Reuters: China pulled out of a meeting this week at which world powers were to discuss further action against Iran in protest against the U.S. Congress’ plan to honor the Dalai Lama, the State Department said on Monday. WASHINGTON (Reuters) – China pulled out of a meeting this week at which world powers were to discuss further action against Iran in protest against the U.S. Congress’ plan to honor the Dalai Lama, the State Department said on Monday.
The meeting in Berlin on Wednesday on the showdown with Iran over its nuclear program has been postponed, probably until next week, said a State Department official, who spoke on condition he not be named.
The Berlin meeting had been scheduled on the same day as the U.S. Congress is set to honor the Dalai Lama, the exiled Buddhist spiritual leader whom China shuns as a Tibetan separatist.
“They had indigestion over the presence of certain spiritual leaders (in the United States) and an event with Congress,” said the official, who spoke on condition he was not named. “It is extraneous to Iranian issues,” he added.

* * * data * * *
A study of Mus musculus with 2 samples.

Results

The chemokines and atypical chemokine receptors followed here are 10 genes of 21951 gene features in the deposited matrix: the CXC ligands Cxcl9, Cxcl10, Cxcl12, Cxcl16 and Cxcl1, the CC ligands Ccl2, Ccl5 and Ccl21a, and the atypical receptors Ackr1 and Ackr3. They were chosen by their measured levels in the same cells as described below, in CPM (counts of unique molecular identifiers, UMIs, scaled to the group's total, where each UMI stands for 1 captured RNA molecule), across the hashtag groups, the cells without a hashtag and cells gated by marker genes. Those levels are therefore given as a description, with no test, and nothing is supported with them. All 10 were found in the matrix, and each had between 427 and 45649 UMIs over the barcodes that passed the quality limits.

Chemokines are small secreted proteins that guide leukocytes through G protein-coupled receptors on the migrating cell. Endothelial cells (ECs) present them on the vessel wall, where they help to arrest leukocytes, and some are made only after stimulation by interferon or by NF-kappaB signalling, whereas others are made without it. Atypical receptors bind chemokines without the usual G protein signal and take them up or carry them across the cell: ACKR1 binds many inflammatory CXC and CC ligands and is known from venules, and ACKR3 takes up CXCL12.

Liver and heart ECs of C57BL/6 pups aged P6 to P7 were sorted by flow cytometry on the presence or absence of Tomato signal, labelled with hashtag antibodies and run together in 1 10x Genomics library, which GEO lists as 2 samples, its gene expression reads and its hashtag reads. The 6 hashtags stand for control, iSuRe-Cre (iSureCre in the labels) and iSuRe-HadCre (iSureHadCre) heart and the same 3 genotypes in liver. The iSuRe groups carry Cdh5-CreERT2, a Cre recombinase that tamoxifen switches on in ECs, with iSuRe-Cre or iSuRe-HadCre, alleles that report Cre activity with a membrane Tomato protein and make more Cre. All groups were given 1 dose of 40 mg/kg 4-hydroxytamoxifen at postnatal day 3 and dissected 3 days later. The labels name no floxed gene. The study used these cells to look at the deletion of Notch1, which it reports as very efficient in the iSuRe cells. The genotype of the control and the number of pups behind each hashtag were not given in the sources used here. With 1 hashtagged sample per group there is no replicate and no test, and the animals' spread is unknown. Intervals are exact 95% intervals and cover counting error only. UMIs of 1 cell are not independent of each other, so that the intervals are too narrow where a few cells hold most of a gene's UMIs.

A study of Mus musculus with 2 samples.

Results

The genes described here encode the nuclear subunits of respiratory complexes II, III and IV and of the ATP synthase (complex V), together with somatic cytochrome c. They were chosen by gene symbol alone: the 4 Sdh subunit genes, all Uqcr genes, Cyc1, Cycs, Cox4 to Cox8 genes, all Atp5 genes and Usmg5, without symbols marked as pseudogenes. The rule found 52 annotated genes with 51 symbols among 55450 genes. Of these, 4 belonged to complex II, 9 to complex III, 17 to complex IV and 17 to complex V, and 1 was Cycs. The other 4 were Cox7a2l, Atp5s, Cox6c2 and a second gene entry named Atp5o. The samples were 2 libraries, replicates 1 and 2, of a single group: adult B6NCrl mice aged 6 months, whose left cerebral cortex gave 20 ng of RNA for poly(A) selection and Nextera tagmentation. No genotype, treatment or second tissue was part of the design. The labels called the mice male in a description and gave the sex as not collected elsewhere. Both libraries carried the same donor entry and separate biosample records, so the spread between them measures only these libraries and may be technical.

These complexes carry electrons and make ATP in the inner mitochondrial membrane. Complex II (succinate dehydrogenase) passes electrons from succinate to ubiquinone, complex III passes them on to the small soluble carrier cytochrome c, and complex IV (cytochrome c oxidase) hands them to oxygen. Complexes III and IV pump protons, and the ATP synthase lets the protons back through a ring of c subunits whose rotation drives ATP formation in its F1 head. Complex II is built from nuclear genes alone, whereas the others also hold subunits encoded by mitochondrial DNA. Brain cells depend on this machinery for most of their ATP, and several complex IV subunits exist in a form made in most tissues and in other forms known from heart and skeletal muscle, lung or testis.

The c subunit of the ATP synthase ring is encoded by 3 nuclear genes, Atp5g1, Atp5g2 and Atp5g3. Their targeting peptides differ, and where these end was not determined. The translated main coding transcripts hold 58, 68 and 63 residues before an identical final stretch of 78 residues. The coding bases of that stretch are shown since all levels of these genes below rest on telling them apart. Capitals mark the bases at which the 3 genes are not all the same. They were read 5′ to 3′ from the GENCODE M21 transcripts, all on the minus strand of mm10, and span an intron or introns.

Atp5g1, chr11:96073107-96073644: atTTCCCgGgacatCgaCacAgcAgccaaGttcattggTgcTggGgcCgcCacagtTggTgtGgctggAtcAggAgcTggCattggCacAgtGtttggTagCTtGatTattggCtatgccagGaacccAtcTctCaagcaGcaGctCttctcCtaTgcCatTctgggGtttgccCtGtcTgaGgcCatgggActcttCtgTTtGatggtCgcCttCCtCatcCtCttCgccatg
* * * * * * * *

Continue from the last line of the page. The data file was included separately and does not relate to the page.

The U.S. Congressional Gold Medal award ceremony at the U.S. Capitol will be the first time U.S. President George W. Bush will have appeared in public with the Dalai Lama, who has visited the White House only for private meetings.
“For us, the Dalai Lama is a spiritual leader and that is how he is being treated here,” said the State Department official, adding that China informed Washington over the weekend of its decision to pull out of the Berlin meeting.
China also canceled an annual German-China human rights dialogue meeting scheduled for December in Germany to show its displeasure over German Chancellor Angela Merkel’s meeting last month with the Dalai Lama.
Political directors from the five permanent members of the U.N. Security Council — China, Britain, France, Russia and the United States — as well as host Germany, are set at their next Iran meeting to discuss the language of a new U.N. sanctions resolution against Iran, say U.S. officials.
But China and Russia are both reluctant to impose a third round of U.N. sanctions against Tehran, which says its nuclear work is aimed at generating electricity and not building a bomb.